When Einstein Met Tagore: A Remarkable Meeting of Minds on the Edge of Science and Spirituality
On July 14, 1930, Albert Einstein welcomed into his home in the outskirts of Berlin the Indian philosopher Rabindranath Tagore. The two proceeded to have one the most stimulating, intellectually riveting conversations in history, exploring the age-old friction between science and religion.
In one of the most infamous pictures of WWII, a member of the SS prepares to shoot a Jewish woman with her back to him, desperate to protect her child. A single bullet from his rifle was sufficient for both at such intimate range. Anecdotes say that the shooter - a Hungarian Auxiliary - was drunk when he did this, and upon sobering up, was so horrified at his deed that he committed suicide.
Lviv pogroms, Petlura days, July 27-29, 1941 - The Lviv pogroms were two massacres of Jews living in and near in the city of Lwów, the occupied Republic of Poland (now Lviv, Ukraine), that took place from June 30 to July 2 and July 25–29, 1941.
Joseph and Magda Goebbels and their six children. Goebbels ran propaganda for Hitler. When the Allies invaded Berlin at the end of the war, the Goebbels gave each of their children a shot of morphine, then places crushed cianide in their mouths. The oldest was 12, the youngest 4. (The man at the top of the pyramid was Magda's son by her first marriage, superimposed into the photo.)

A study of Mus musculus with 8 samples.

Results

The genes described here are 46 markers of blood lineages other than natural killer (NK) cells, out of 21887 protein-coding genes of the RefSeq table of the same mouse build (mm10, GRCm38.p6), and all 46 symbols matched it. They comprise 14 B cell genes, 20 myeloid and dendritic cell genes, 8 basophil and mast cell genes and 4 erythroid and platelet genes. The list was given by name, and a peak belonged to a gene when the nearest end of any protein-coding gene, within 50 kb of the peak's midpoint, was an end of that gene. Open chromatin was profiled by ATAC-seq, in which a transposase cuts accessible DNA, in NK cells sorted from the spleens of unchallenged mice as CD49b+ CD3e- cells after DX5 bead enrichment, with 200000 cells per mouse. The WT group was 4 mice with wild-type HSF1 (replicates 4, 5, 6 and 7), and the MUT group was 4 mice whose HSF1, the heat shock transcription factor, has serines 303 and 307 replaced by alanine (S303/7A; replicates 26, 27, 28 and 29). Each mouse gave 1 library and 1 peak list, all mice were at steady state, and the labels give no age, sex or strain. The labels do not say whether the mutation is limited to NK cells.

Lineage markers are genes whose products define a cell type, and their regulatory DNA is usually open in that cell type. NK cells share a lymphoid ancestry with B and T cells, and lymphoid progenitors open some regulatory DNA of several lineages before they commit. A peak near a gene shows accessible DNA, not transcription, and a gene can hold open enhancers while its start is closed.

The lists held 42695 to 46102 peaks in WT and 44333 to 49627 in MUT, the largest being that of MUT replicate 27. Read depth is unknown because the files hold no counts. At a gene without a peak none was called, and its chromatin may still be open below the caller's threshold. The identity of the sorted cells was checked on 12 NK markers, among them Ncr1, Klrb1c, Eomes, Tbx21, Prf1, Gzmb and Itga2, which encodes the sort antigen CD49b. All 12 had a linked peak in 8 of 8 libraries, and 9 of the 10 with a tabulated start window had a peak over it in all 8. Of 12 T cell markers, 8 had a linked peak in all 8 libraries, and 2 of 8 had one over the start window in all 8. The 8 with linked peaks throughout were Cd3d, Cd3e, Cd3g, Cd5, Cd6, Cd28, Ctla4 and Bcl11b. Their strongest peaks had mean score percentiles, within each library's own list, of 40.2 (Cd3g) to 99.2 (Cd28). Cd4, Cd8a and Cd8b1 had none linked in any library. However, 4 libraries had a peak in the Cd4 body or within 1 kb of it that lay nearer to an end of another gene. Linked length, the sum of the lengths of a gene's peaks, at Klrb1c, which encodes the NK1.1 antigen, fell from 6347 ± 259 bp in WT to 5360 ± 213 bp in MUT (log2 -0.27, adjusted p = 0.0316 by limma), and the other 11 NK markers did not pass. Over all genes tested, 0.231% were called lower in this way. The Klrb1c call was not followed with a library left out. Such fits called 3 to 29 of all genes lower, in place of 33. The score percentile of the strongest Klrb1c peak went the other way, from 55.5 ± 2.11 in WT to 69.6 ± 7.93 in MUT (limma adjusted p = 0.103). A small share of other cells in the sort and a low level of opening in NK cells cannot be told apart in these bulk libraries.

Want to see what hate looks like? Here it is - Nazi Propaganda Minister Joseph Goebbels, upon hearing that his photographer - Alfred Eisenstaedt - was Jewish., He blamed the defeat of Germany on the German people and not Hitler. On May 1st, 1945, he gave poison to his six children and then shot his wife and himself.
A Picture Of Defiance Resurfaces: Shipyard Worker Who Refused To Give Nazi Salute
A lone dockworker refuses to raise his hand in the Nazi salute, 1936 August Landmesser was a worker at the Blohm + Voss shipyard in Hamburg,Germany, and is best known for his appearance in a photograph refusing to perform the Nazi salute at the launch of the naval training vessel HorstWessel on 13 June, 1936. He had been a Nazi Party member from 1931 to 1935, but after fathering children with a Jewish woman, he had been found guilty of“dishonoring the race”
A mother holds her newborn baby in the Kovno (Lithuania) Ghetto hospital. A Jewish star is sewn onto the child's blanket, marking the baby for probable death just minutes after he or she was born. Of the 30,000 original residents of the Kovno Ghetto, which was established in the summer of 1941, less than 10% survived.
Adolf Hitler Hitler gained absolute political power in Germany through an election and subsequent political and military manoeuvres that established him as the Fuhrer of Germany. His vision of a unified Germany appealed to the wider German electorate, but the darker side of Hitler’s views and the subsequent World War II brought about a decimated Germany and his own downfall. Date: Around 1932. Photographer: Unknown.